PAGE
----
A reader writes: I've been dating my boyfriend for seven years, but in secret because he is of Indian Sikh culture and can't be with me because I am Caucasian. I'm trying to understand whether I'm wasting my time, but my heart is empty without him. He says there's no chance, then says things that make me hope. How do I get him to see that people won't make it as big a deal as he has? I have tried converting to his religion and learning his language. I even offered to study in India for a year to learn about his culture. Nothing seems to be enough because I cannot change the colour of my skin. Help me, please.
BRING IT INTO THE OPEN
I have a friend who was in your situation. I suggest you take a gamble, tell the relevant people that you're dating and let the chips fall. His family may or may not accept this. Either he will stand up to his family or he will cave and break up with you. Understand that it is 100 per cent up to him. And my friend? She broke up with the guy after 10 years. A year or so after, she met another guy and they got married.
-Peter Stern, Toronto
HE'S JUST NOT THAT INTO YOU
This dilemma is like remaining involved with someone who is married in the belief that he'll leave his spouse. A renowned male psychologist wrote that females should not believe what males say, as they will often say what they think the female wants to hear: The truth lies in their actions. Interracial and interfaith marriage is common today. What his actions are saying is: "I'm just not that into you." It's time to begin the work of believing you deserve a man who's proud to be with you.
-Sharon Charboneau, Sechelt, B.C.
STAND UP FOR YOURSELF
Being a 30-year-old Sikh female who has dated people from all backgrounds, I can tell you this guy is wasting your time. Most Sikh parents come to terms if the couple has been dating for a while. Sikhism is an egalitarian religion that does not discriminate. Possibly he wants a "traditional" wife who will be a stay-at-home daughter-in-law, not someone who matches his skin colour. You should give him an ultimatum: Settle with you, or you'll start seeing others. Stand up for yourself now and you'll thank yourself in the future.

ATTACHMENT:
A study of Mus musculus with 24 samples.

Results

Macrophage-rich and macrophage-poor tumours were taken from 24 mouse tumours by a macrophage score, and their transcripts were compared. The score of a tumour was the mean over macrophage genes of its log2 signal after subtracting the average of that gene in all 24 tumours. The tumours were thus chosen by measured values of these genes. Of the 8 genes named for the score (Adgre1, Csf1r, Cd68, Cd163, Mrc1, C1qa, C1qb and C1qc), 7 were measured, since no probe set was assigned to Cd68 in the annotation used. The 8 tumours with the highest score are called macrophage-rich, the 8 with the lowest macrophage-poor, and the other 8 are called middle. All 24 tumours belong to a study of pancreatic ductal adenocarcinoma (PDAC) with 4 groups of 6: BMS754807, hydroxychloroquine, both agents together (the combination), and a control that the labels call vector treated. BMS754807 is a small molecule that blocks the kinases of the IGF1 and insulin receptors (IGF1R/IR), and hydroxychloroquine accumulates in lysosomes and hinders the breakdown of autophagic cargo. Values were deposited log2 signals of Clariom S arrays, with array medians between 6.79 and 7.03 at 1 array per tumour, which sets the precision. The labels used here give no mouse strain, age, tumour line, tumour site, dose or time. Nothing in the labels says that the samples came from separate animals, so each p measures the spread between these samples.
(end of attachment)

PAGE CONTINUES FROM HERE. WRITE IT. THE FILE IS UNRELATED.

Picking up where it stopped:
-Nav Kaur, Toronto
THE FINAL WORD
Here's what you have done in the name of this relationship:
– Stayed with a non-committal man for seven years;
– Bent over backward to understand his position;
– Converted to his religion;
– Learned his language and offered to spend a year of your life and finances studying his culture.
Here's what he's done:
– Told you repeatedly that you have zero future together.
Putting everything else aside – religion, ethnicity, culture – these are the facts of your relationship.
If this sounds like tough love, I assure you that "love" is the operative word here. When a man tells a woman there is no chance of a formal, committed, long-term relationship, the only self-respecting response is to take him at his word and move on. If you don't, you may as well stretch out across his front step, hand him a magic marker and invite him to write Doormat across your back.
When he hints that perhaps he doesn't mean what he's clearly articulated for seven years, that's his way of shaking out the doormat. Just when the buildup of boot marks and street grime starts to feel intolerable, he gives you a nice, cleansing shake before replacing you across his step.
And you think: "See? He paid attention to me – now I don't feel quite so dirty and downtrodden. This isn't so bad!"
I don't doubt your feelings for one another are strong and genuine. But every moment you accept this treatment is a clarion call to your subconscious mind proclaiming: "I am not worth more than this. I am not deserving of a man's wholehearted, unconditional love."
But you are. And it's out there patiently waiting for you to walk away from this soul-destroying situation. Don't put it off one moment longer.
Lynn Coady is the author of novels The Antagonist, Mean Boy and Strange Heaven.
NEXT WEEK'S QUESTION
A reader writes: I have been married for three years to a woman 15 years younger. I was previously in a 10-year common-law relationship, which ended several years before I met my wife. For years I had no contact with my ex, but recently (I can't recall who initiated it) we arranged to meet for a drink, during which we caught up and talked about our kids (from previous marriages). My wife found out and she's furious. She did this by somehow accessing my e-mail. I have never been unfaithful to her or to any previous partner, although I had another female friend, entirely platonic, with whom she insisted I cease all contact. I already did that. What do I do now?